Pasadena-based Kaiser Permanente Joins Safe Routes to School National Partnership in Fire Up Your Feet Expansion

Thursday, March 28, 2013 | 5:48 pm

Pasadena-based Kaiser Permanente today announced that they have joined the Safe Routes to School National Partnership and the National PTA in the expansion of Fire Up Your Feet, now a major component of their Thriving Schools program.

Fire Up Your Feet, a recognized program of First Lady Michelle Obama’s Let’s Move Active Schools initiative, is an online walking and physical activity program that encourages staff, teachers, students and their families to walk or bike to and from school and to incorporate more physical activity into the school day, according to a news statement.

Thriving Schools is a partnership for students, staff and teachers that offer offers online resources at no cost. The site provides a place to share ideas and success stories, as well as spark creative innovation and change that can strengthen the health and well-being of schools, according to the statement.

Thriving Schools will deepen and expand partnerships and programs, aiming to make good health a part of everyday life for the estimated 50 million school-age children and more than 6 million school workers and teachers who spend their days at schools, hospital officials said.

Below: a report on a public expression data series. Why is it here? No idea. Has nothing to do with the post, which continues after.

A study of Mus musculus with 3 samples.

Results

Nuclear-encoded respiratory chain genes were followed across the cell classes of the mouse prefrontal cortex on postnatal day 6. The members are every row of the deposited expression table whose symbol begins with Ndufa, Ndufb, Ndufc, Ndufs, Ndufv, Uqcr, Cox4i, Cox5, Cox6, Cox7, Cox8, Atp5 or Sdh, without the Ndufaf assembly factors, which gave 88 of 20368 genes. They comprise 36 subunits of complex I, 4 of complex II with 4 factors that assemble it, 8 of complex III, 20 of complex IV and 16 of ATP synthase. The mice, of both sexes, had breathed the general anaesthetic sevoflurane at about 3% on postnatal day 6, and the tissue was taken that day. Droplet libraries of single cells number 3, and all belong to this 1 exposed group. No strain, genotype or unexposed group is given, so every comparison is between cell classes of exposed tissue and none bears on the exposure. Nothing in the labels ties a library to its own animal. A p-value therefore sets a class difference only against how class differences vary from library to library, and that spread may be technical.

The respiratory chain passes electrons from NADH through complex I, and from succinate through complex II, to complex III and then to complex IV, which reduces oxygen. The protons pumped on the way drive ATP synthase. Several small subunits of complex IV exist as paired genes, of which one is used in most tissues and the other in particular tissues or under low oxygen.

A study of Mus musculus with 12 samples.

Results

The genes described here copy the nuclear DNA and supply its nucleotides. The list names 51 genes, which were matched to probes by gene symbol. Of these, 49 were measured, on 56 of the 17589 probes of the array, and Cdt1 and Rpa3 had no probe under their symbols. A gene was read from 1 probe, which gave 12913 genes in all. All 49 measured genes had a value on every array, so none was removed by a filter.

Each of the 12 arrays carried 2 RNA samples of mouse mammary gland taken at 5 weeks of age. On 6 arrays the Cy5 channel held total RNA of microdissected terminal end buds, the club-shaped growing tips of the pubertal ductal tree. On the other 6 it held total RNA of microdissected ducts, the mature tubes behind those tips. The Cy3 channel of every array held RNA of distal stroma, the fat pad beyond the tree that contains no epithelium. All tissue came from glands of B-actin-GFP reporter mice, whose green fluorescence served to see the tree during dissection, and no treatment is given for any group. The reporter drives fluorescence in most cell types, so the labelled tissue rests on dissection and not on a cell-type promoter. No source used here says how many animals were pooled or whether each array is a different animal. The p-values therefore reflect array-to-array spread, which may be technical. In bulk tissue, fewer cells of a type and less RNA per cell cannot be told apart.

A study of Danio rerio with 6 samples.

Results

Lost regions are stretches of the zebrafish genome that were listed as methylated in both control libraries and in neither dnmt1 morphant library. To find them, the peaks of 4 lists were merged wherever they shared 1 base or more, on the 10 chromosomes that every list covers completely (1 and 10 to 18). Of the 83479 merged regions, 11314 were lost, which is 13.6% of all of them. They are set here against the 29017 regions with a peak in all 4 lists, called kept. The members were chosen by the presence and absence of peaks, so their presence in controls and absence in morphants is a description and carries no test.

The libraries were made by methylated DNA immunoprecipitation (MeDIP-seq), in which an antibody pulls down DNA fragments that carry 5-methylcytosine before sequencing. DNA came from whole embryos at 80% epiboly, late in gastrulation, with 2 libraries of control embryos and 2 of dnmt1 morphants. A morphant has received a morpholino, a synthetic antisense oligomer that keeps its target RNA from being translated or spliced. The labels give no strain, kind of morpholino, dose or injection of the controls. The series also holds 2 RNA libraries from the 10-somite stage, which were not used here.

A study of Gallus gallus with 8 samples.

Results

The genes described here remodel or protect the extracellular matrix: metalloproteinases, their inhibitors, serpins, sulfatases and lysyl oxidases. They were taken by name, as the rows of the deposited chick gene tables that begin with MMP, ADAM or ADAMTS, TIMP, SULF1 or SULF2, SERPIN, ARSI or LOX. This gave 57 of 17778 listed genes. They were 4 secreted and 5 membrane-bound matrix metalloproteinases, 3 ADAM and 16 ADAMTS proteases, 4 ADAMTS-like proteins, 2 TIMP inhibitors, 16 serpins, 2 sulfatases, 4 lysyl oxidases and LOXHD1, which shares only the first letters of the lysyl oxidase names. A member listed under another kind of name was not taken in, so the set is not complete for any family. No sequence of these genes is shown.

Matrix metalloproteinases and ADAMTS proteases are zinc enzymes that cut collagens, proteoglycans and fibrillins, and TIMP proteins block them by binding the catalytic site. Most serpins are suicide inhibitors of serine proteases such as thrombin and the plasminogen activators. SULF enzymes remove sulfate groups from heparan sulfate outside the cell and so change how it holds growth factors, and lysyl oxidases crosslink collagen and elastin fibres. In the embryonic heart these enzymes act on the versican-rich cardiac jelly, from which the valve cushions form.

Through this multi-year initiative for K-12 students, Kaiser Permanente will support the efforts of local schools, school districts, public agencies, and nonprofits to encourage healthy eating and physical activities to, from and at schools.

“Our children are tomorrow’s future. We want to make sure they are cared for and happy. Our focus is getting them there by building a solid foundation for a healthy and happy life,” said Angela Coron, MPH, managing director, Community Benefit, Kaiser Permanente Southern California.

Obesity is an epidemic, with two-thirds of the U.S. adult population and one-third of children overweight or obese. Regular physical activity can reduce the risk of developing cardiovascular disease, cancer, and diabetes as an adult, which is why it is so crucial to encourage healthy behaviors at an early age.